Well you don't, it just helps, a lot. You want to compete at a professional level, say in sports, no requirement to have a coach. Most group sports have them, but as for single events, you are just fine going at it alone, if you know what to do and how to train to improve yourself then you likely be just fine. If just fine isn't good enough, then a coach might be helpful. Someone who has been through it before and is only concerned with helping others navigate and train.
I am in my seventh year as an assistant professor at a medical school. I have been involved in teaching as early as med school, where I taught fellow students as well as assisted in classes for physicians. I continued teaching throughout residency and so teaching at the medical school level was a natural fit. I had no idea what I was getting into in medical school when I first started, but after 13 years of this process I have learned a thing or two about this formative process. OK so we have to throw the credentials out first. Med school + 2 residencies, that was an 8 years process and then the years since teaching. My entire professional career is based around teaching and helping formate students. Making strong students is my goal and my passion.
So why do you need a coach? Well we find coaches in a lot of areas. We mainly associate coaches with sports. Professional athletes have coaches. Think about that. These athletes have trained their whole lives, nonstop. Think about Olympic athletes. The highest levels of physical achievements and they still need coaches. Weird? No coaches see the big picture, coaches have been down the road already and have come back to help formate the athletes in the correct way to be better than they were. So think about med school now, or dental school, or law school, basically any professional school at the doctoral level. Think about the schooling to get there. Elementary school, junior high, high school, college, graduate school, doctoral school, specialty training after. Up through the point of medical school I would have been in grade 18. 18 years of my life working up to the point of medical school and not one coach. Professional students are just that...professionals, akin to athletes. Not everybody who wants to get into these schools gets in, just like athletics. Med students make up about 1% of all the students at the collegiate level. Pretty exclusive. And those that get in, how well do they do? They rely on their skills they developed themselves over the years. Well how bout specialty training. I specialized in Family Medicine, well there must be mentoring there. nope. A lot of watching and passively learning.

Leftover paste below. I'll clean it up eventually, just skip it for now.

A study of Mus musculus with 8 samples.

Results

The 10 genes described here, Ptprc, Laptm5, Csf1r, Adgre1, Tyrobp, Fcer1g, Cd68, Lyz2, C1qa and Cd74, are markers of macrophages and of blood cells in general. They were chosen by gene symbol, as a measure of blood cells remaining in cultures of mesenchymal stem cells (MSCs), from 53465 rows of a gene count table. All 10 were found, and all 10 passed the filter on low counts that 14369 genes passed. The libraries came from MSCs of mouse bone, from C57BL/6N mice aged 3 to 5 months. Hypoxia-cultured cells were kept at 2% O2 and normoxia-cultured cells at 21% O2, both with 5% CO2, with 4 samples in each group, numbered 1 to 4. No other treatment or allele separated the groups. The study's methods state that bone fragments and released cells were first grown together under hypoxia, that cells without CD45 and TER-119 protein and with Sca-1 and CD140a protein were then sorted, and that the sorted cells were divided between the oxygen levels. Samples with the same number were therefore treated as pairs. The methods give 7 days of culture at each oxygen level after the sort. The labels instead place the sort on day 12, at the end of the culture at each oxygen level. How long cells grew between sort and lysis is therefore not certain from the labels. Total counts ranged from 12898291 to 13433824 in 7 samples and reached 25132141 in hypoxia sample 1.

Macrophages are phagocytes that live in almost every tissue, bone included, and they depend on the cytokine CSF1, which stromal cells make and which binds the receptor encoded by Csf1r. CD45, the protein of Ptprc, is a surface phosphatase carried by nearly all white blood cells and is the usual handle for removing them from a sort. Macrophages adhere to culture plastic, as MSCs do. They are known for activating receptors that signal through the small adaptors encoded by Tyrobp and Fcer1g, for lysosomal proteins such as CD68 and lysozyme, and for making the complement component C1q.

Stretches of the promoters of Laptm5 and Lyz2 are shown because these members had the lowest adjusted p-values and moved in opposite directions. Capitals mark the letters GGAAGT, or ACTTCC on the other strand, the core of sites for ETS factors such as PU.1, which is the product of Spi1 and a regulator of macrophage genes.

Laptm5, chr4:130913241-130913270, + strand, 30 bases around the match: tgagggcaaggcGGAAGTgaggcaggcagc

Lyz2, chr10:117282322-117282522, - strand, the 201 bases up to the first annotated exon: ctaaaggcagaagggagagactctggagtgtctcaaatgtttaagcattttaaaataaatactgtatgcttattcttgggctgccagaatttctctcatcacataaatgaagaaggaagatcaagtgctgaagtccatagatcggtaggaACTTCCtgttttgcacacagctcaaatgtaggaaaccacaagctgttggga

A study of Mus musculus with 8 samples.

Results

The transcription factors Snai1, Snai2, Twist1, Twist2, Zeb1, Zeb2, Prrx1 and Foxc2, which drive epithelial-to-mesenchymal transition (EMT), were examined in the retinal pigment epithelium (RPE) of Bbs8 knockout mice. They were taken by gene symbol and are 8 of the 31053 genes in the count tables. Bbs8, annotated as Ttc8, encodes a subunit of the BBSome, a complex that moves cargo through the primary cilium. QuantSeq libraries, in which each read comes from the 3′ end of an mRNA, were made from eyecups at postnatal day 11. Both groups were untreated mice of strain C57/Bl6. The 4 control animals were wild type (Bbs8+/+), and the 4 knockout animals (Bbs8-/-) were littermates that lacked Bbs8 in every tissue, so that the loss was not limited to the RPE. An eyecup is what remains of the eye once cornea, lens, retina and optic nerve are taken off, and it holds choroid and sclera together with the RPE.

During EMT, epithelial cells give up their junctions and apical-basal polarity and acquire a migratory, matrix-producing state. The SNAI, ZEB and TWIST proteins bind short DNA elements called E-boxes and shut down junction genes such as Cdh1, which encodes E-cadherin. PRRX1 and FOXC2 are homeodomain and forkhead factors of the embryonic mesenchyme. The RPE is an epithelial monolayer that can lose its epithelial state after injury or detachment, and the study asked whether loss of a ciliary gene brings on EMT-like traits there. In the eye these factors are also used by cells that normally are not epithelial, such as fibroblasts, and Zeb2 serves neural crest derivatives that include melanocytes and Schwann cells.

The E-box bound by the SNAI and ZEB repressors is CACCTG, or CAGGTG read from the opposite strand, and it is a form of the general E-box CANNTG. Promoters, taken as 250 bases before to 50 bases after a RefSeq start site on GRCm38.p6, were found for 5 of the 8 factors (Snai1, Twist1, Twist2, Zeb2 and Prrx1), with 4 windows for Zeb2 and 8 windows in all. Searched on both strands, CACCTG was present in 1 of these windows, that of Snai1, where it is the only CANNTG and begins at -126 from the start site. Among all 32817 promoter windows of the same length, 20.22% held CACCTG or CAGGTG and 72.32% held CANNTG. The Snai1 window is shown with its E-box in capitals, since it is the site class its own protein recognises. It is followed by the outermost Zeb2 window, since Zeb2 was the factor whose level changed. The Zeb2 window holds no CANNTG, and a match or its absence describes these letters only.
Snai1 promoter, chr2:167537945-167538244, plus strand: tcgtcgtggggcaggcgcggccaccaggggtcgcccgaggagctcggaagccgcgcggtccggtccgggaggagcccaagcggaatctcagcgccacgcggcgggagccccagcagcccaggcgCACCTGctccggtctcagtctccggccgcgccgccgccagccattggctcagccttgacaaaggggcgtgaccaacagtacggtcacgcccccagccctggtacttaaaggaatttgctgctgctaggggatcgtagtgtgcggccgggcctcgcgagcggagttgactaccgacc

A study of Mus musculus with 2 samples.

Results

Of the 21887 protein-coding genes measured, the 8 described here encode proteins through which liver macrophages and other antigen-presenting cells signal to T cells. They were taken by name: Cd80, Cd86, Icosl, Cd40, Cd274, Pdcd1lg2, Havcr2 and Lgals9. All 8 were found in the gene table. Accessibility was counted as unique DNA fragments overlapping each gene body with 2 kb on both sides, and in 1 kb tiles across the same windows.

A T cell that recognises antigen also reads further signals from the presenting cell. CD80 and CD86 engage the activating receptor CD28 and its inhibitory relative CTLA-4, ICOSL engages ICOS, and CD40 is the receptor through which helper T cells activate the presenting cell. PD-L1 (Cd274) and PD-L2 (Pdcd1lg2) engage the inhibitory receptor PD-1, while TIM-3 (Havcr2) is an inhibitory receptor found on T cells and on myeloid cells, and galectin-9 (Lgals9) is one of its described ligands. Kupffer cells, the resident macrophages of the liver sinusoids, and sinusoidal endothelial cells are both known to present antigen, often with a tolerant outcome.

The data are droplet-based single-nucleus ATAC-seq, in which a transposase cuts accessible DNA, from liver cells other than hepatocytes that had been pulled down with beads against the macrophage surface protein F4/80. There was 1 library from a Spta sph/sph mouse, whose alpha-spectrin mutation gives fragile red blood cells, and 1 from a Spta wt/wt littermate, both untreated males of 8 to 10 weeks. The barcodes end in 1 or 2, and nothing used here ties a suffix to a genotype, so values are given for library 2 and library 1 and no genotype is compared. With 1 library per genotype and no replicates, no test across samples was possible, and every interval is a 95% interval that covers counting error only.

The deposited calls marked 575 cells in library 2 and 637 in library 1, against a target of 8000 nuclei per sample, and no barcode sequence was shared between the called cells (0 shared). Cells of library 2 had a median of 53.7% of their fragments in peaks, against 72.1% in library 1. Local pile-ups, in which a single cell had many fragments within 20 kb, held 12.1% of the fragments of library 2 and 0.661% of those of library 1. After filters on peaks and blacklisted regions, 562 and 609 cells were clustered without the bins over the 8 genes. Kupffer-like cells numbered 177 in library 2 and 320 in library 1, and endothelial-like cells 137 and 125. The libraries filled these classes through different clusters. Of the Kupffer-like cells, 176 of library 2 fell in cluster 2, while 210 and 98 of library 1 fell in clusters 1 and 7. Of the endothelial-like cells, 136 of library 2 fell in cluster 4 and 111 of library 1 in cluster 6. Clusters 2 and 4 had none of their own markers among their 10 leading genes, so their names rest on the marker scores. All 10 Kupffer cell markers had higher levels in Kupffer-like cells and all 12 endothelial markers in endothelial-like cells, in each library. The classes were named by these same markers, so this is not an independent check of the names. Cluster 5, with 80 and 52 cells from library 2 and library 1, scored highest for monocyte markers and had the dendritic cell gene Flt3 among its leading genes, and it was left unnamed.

So all this way and no coaches. Because we associate coaches with sports and education has always been a lecture format with the teacher spouting information and its up to the student, we aren't treated like athletes are. Yes there are plenty of teachers, but do they act like coaches? No. I played soccer up through college so I am aware of why you need coaches. It is a game, it is a competition, you are going to battle when you compete. There is strategy. We all know this, we see coaches at half time or a time-out scribbling furiously, motivating, working with the athletes to achieve the goal. The coach is an integral part of the team. So think now about education and why you might never have had a coach? Well is there competition? yep at the college level where you apply and interview, all the way up through doctoral school and beyond, each step requires you to compete, but who helps with this process, who makes sure and lays things out so that you succeed? The counselors? Do they really care? Some do, but not the same way a coach does. There are coaches from the moment you start sports at age 5 or earlier, and they never leave,
So its interesting that they are not in academia, even though we have to compete for the higher levels. Who is rooting for you and strategizing on how to do it better?
This is what this program is. There is a lot more to school than just the test and the learning. Do you know that? Do you know that you aren't supposed to study all the time at the expense of yourself? Do you know how to take care of the apparatus that studies? (That means you) Do you know how to integrate your studies with your life? Maybe you have a family, maybe you have another job, there is always something else? Do you know how to study effectively for this new program or do you just plan to do the same thing that you have done since high school or earlier. Will that work the same?
This is what this program strives to do. I would very much like to work with you. I am not promising an easier way of doing things. This program is hard, and it demands that you work hard on you training, no matter the field. But like an athlete, if you train correctly, and you training hard everyday. You get the rewards.
Institutions want you of course to be the best, but can they guarantee expertise, what are the guarantees? That you will graduate...does that equal mastery or mastery path? Med school prepares you for residency, so then that is where they develop in you the expertise? right? what do they guarantee? Will you be happy with the satisfatory level of completed the requirements. On the diplomas it says.. so and so has "satisfactoraly completed the requirements for XYZ degree." Is that enough? Well if you haven't been through it, what would you think? Whose job is it for mastery development?
If the responsibility falls on the institution then you are good...just plug in and go. If though the answer to any of these questions falls on you...then what's your plan?